2003 Notebook: Weak XI
No. 4,844 (cartoon)
This can’t be happening.

Empirical evidence suggests you’re wrong.

14 March 2003
Faux Phlegm Earrings
The woman sitting next to me on yesterday’s flight to San Francisco wore curious earrings. In fact, the earrings didn’t look like earrings. In fact—as an aside, I must mention that this is the first time in my life I’ve used two facts in one paragraph—I didn’t immediately recognize them as earrings. If fact (another record!), the woman’s brains appeared to be oozing out of her ears.

After a couple thousand kilometers of silence, she asked, “what do you think of my earrings?”

“They’re most remarkable,” I replied. “Who’s the artist?”

“I am!” she beamed. “I made them myself. Latex and love, that’s my formula.”

“That’s a classic,” I agreed.

The woman—I never did learn her name—went on to describe her difficulties in marketing her faux phlegm earrings.

“I’m afraid I don’t have any advice,” I said. “It’s been my experience that art and commerce don’t mix.”

The woman with the faux phlegm earrings took offense at my remark, and never spoke to me again. And that’s fine with me; faux phlegm earrings speak for themselves.

15 March 2003
Irritating Everyone
Natalie Maines has a remarkable talent, but it’s not singing. Maines is a member of the musical ensemble, Dixie Chicks, a trio of attractive women who’ve achieved commercial success by wearing revealing clothing.

During a London concert, the Texan correctly read the mood of her crowd and said that she was “ashamed that the president of the United States is from Texas.”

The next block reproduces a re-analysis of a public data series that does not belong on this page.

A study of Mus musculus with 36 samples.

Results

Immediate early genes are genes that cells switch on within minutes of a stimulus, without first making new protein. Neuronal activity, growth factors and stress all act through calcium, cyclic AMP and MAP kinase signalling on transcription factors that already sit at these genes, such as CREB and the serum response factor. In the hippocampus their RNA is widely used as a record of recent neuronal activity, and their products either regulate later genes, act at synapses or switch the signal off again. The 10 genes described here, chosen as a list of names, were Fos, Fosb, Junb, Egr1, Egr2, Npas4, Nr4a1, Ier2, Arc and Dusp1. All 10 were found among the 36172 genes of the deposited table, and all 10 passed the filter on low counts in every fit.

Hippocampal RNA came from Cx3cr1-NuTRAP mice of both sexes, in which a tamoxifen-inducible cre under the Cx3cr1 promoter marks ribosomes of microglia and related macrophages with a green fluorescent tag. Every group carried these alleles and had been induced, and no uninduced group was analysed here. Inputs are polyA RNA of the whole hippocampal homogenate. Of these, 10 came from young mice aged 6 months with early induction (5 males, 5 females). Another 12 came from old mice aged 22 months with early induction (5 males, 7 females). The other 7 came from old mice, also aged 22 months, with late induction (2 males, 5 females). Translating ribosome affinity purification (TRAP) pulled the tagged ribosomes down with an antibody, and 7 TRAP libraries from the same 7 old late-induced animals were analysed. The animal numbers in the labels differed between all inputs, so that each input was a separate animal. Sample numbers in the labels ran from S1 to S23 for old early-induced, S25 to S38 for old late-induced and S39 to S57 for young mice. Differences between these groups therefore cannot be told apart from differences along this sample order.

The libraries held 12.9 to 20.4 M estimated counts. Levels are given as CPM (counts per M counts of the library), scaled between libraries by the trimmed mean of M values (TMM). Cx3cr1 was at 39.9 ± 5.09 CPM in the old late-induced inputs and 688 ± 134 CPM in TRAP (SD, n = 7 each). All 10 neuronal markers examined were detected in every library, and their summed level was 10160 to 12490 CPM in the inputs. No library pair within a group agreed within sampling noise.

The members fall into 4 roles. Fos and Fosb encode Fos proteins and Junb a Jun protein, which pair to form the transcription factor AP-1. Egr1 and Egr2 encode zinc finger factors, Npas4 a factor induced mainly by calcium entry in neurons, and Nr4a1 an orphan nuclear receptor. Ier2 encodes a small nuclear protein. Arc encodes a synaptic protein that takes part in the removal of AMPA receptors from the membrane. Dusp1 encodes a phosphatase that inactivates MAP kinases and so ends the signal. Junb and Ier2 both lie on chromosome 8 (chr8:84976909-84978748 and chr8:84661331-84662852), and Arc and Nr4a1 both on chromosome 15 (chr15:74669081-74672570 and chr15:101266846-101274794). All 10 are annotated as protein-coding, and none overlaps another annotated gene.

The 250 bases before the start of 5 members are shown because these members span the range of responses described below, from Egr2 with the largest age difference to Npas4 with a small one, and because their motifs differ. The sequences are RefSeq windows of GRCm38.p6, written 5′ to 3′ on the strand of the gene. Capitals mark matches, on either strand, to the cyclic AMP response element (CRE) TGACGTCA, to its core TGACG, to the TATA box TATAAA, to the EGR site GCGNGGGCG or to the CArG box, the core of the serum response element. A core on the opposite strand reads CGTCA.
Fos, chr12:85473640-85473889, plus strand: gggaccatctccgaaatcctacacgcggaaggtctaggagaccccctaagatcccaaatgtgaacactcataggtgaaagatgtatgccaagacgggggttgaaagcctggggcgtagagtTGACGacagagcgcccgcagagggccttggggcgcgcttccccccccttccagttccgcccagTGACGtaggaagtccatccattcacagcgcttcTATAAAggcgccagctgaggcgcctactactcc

That remark seriously annoyed the cretins who support the global village idiot one Italian newspaper memorably called “the barbarian from Texas,” and said morons said they would henceforth boycott the three chicks.

And that’s when Maines, who can read a sales forecast as well as the next chick, managed to enrage everyone she’d failed to previously annoy by kowtowing to the global village idiot. “I apologize to President Bush because my remark was disrespectful.”

And so it was, with less than a couple dozen words, that Natalie Maines managed to irritate more or less everyone on the planet.

What a gift! I wish I could do that.

Looking for Ansel
I saw a “Looking for Ansel” photo contest advertisement from Mike’s Camera in Boulder, Colorado. Unfortunately, Mike failed to include a telephone number. Had he done so, I would have helpfully pointed out that Ansel died almost two decades ago.

I’m sure Mike will eventually figure things out when Ansel fails to collect his prize.

17 March 2003
Edible Legs?
I’m looking at my bare legs propped up on the porch railing, and I’m pondering this question: would my legs provide tasty meat, or would roast Rinehart be as old and tasteless literally as I am conceptually?

Unlike the rest of me, my legs are in good shape from cycling all over. I don’t know, however, if lots of muscle and not much fat makes for a rewarding carnivorous experience.

Uncle Russ used to be a meat inspector for the U.S. government; I shall ask him whether he’d rather barbecue a fairly fit cyclist or a pudgy, succulent office worker. I suspect he’ll give me the same advice he’s always provided: “I wouldn’t eat any of that crap.”

18 March 2003
Impossible Bag of Pasta
Lewisa’s here for dinner, but there’s a problem. Mice live in my lab, but that’s not the problem. I don’t share food with the mice, so that’s not the problem either.

I pulled a cellophane bag of Fusilli No. 69 out of the mice-proof refrigerator, and put it on the counter near the cauldron of boiling water. And that’s when something impossible happened.

As I chopped a bulb of garlic, I absent-mindedly noticed that the bag of pasta was contracting. I smiled as I watched the cellophane crinkle and shrink before I realized the problem. The bag of cold pasta should have expanded once it reached the warm galley air, but it was shrinking.

I stared at the impossible bag of pasta until Lewisa interrupted my reverie to ask about the burning onions.


I eventually concocted a fine meal, but I never did figure out why the cold bag of pasta contracted in the warm air.